Family caregivers often provide care for their veteran for hours at a time or even around the clock. Although family and friends may regularly give you short periods of time off, sometimes you may need more. Taking breaks is key to maintaining your role as a caregiver. This is where respite care comes in.
What is respite care?
Respite care is a service that pays for someone to come to a service member's or veteran's home, or for the service member or veteran to attend a program, while their caregiver takes a break. Respite care can:
- Allow caregivers to run errands, go out of town, attend appointments or just relax
- Help with medication management and daily living activities (like bathing and dressing)
- Be provided for several hours to several days, based on the caregiver's needs and the service member's eligibility for services
What are my options for respite care?
Several respite care options are available, some in the home and some that provide your wounded warrior with a stay in a care facility. Researching respite care in your area and talking with representatives about eligibility and services can help you feel more comfortable with the respite care process. It can also help you decide which program is right for your family.
TRICARE Active Duty
- The TRICARE Extended Care Health Option benefit can give caregivers of active duty service members a break through the respite care benefit.
- Service members may receive up to 16 hours a month when receiving other authorized benefits, or up to 40 hours a week if homebound.
- Department of Veterans Affairs medical centers can provide up to 30 days of respite care in a calendar year under the TRICARE veteran benefits.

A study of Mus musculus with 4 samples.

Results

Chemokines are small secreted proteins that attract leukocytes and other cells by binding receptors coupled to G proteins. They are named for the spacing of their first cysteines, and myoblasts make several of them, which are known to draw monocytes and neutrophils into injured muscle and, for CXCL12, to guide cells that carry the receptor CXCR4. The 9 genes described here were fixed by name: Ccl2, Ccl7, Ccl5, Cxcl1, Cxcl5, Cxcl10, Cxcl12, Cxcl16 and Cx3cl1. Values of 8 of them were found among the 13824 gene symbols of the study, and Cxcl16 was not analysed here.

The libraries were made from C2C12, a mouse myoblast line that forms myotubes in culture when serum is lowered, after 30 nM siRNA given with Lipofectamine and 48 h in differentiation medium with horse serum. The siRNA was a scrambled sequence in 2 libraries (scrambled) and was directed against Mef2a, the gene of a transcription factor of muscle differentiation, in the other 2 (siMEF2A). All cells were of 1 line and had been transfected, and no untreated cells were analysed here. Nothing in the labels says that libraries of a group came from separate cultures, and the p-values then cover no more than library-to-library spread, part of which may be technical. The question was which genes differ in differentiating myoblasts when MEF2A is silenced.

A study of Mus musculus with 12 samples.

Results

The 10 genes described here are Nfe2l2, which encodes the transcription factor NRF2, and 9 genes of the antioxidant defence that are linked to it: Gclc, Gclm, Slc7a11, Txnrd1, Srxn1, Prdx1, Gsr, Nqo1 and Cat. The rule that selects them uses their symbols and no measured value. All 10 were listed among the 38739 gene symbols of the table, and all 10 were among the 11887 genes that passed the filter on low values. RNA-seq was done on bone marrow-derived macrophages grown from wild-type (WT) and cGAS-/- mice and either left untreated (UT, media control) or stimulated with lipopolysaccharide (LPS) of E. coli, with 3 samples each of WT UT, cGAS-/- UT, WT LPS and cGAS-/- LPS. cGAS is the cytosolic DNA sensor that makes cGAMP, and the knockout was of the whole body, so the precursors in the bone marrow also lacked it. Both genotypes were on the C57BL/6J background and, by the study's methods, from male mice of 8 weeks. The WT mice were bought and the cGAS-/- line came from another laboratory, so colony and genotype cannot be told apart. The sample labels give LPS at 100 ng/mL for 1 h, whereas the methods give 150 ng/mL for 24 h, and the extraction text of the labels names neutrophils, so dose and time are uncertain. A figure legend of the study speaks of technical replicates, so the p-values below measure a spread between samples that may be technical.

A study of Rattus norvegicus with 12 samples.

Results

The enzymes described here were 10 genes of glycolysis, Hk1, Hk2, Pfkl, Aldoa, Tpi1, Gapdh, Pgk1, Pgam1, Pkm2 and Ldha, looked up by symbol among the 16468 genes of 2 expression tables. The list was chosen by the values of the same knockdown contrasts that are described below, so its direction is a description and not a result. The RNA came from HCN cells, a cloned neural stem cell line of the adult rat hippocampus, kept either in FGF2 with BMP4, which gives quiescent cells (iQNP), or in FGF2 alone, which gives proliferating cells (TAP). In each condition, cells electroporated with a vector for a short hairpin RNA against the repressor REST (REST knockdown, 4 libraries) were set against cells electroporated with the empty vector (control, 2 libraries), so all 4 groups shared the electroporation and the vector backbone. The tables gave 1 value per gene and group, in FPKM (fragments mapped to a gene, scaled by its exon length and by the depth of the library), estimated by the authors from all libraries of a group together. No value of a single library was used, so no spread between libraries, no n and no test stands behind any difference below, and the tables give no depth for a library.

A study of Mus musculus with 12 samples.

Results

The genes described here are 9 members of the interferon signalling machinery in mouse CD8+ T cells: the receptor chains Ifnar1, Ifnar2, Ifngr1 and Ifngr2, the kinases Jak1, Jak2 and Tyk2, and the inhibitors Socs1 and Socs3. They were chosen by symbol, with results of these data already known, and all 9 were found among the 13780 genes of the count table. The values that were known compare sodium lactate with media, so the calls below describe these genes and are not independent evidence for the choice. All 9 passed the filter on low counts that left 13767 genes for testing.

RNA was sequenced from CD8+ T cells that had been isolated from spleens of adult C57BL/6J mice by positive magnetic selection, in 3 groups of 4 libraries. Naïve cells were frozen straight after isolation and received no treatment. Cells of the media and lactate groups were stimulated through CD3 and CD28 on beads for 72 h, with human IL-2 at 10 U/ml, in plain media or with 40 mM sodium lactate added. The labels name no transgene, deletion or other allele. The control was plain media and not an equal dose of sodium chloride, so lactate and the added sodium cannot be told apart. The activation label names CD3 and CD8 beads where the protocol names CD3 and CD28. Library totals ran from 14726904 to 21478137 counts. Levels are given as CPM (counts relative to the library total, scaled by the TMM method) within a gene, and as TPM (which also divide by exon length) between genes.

- Respite services may be provided at VA medical centers, in a community setting or in the veteran's home.
- Respite care is a covered benefit for all veterans enrolled in the VA health care system or who are eligible for VA health care.
VA Adult Day Health Care Programs
- Adult day health care services through VA are for veterans who need skilled services, case management, and/or assistance with activities of daily living (such as bathing and dressing).
- Veterans may also be eligible if they're isolated or if their caregiver is experiencing a burden.
- The programs are provided at VA medical centers, state Veterans Affairs homes or through various community organizations.
- Veterans can attend day services up to five days a week if they meet the clinical need for services and space is available.
What are some other resources?
If you need more assistance, use the following resources to help you connect to services:
- National Resource Directory — The National Resource Directory is a searchable database that can help you find more national, state and local resources that support service members and their caregivers with programs for long-term needs.
- Department of Defense Military Caregiver PEER Forums — Monthly military caregiver PEER forums on installations are also an option. Virtual PEER forums are available for caregivers in remote locations or who can't attend in person.
Serving as the caregiver for an injured loved one can be emotionally and physically taxing. Though you have a deep commitment to caring for your loved one, it's OK to ask for a break. Respite care options can lighten your load and keep family relationships healthy. Remember that stopping to take care of yourself isn't a selfish decision — it's a decision that makes you a stronger caregiver for your loved one.